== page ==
I’ve mentioned that I’ve been attending Alanon. I don’t have a regular pattern yet, and I haven’t started the steps, but I go to meetings once or twice a week now, and I’m learning some things.
Recently, someone on the circle spoke up: “I am a newcomer to these rooms. And I’m confused. I thought coming here would make me feel better, but I’m actually feeling worse. I’m angry. I can’t sleep. I cry … and moreso than before I stepped in this door. Is that normal?”
Here is a true story that addresses this absolutely normal response to early work in friends and family of addicts and alcoholics:
I have a dear friend I’ll call Tim. Tim spent 20 years as an officer in the United States Army — a number of them in the jungles of South America fighting the War on Drugs. During this time, Tim sustained injuries, particularly to his feet, shoulders and back. These injuries weren’t from being shot or attacked by the enemy … they were sustained just from living in his day-to-day circumstances — carrying a heavy backpack on rough terrain in boots that didn’t support his feet properly. This isn’t at all against Army conditions, just a description to show that slowly, over time, his living situation caused him deep pain. But as a soldier determined to complete his assignment successfully, he ignored that pain and just kept on with the battle.
Today, Tim is retired from the Army. Finally, he is admitting to doctors that his body hurts. Their xrays and exams showed that Tim, in the long run, had compounded his own injuries by learning to compensate in order to avoid the pain – especially in his shoulders. If normal motion hurt, he learned to move in a different way, which built up deposits and distorted the use of his muscles. The doctors performed corrective surgery, which they said was successful. But the initial weeks – even months – of physical therapy proved to be more painful than the hurt Tim had grown used to.
The medical experts and those who had been through this assured Tim that, by allowing that pain and slowly…gently…doing his exercises every day, he would get through that pain and be healed and fully functional again. Patience.
It’s the same for those of us whose lives have been changed and whose hearts have been hurt by living with an addict. We learned to adjust ourselves to work around the condition. We manipulated our own lives to avoid the deepest pain. We learned to ignore the signs of harm. So when we first walk into those rooms of Naranon or Alanon for healing, at first we might feel more hurt than we did before we opened that door. But in the long run, we’ll experience a deep and lasting healing.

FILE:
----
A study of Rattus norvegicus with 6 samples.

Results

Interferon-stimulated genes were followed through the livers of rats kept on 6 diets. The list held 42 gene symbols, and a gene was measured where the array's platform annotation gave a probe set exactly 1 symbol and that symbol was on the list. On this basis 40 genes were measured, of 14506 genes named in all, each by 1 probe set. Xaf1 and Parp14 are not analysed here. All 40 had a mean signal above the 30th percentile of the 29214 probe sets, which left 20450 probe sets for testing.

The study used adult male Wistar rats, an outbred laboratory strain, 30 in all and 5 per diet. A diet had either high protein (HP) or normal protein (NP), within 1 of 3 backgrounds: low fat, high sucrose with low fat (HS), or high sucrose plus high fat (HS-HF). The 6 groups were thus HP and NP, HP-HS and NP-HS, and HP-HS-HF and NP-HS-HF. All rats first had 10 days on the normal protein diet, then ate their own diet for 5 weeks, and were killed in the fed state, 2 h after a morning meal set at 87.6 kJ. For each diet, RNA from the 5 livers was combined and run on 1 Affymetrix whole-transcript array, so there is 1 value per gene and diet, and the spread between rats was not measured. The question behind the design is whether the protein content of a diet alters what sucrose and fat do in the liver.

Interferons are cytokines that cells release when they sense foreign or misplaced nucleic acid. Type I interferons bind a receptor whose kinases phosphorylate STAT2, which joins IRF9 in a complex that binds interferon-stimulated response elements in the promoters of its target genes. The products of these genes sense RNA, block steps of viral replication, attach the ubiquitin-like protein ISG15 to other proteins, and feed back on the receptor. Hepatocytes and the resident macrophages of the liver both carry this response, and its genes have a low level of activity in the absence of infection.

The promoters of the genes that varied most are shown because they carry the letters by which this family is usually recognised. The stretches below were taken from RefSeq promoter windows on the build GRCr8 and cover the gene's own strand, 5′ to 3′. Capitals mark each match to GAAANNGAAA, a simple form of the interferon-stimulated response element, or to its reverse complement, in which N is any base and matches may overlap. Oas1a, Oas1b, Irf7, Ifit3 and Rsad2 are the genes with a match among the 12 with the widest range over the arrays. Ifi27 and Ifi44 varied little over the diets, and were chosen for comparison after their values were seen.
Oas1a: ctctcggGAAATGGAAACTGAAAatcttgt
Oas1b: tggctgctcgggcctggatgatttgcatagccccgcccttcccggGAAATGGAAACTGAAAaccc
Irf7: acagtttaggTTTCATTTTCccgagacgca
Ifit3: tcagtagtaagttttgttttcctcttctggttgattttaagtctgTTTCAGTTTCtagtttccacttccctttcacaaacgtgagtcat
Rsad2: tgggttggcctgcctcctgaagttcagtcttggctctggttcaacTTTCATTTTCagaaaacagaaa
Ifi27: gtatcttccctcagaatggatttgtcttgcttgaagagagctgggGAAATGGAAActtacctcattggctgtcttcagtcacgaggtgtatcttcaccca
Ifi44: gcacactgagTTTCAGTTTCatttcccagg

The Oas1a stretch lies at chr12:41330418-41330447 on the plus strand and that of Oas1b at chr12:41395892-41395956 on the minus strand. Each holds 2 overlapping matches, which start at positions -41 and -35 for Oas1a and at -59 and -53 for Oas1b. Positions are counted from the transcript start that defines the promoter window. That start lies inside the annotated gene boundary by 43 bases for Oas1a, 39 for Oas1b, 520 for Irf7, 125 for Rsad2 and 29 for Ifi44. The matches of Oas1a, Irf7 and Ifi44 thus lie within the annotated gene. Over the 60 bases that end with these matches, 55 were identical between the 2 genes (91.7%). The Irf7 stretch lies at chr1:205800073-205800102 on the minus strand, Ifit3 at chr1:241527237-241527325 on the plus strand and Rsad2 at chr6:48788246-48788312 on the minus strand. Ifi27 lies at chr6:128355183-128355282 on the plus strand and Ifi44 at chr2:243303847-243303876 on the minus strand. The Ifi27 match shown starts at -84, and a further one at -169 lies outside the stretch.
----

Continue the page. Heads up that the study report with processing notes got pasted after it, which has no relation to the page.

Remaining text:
Trust those who have gone before you. Allow the truths of the program to slowly replace the pain and the misunderstandings you might have embraced in the downward spiral. You too can find and receive Serenity if you get the heart of the matter.
Wow! this is the reason I have not gone back to Naranon. I went to three meetings and came out so depressed I felt it was doing me more harm than good. There was nothing positive in these meetings, all negativity. Are you saying it would get better or should I find a new meeting to go to? No other Naranon’s around my area, would Alanon serve me just as well. You have been such a guide in this journey so far, hope you can assist me here. I have used exercise as my release. Go to about 7 classes a week almost daily. At least 5-6 days a week anyway. Would love to know your thoughts.
Oh – well, find a different meeting! I go to Alanon because there are no Naranon meetings near me. It’s fine. Even though the language in their literature refers to “alcoholics” – there are people who go there who have addicts in their lives as well. I just replace “alcoholic” with “addict” in my head – same concepts though. The meetings I attend are very positive in their outlook. So I would suggest you do not return to the group you mention. But I do suggest you try another. Please note: The same approach is not necessarily right for everyone, so if it’s not right for you, it’s not right for you. But finding a group that’s a good fit is important to the success of your efforts. BIG HUGS and thanks for being here!
Thank you so much for your words. I feel like the you and the other blog mothers are my group and I use your words for support more than you probably know. I feel like we are kindred spirits. When you hurt in your blog I hurt for you and I hope we all share positives that we find in this journey too. I will look for another meeting and see how it goes. You are right, it may not be for me. Thanks for your support and always. Big hug to you way down south and hopefully we will meet someday!
This was great, perfect story to illustrate the point. I felt the same way when I started going.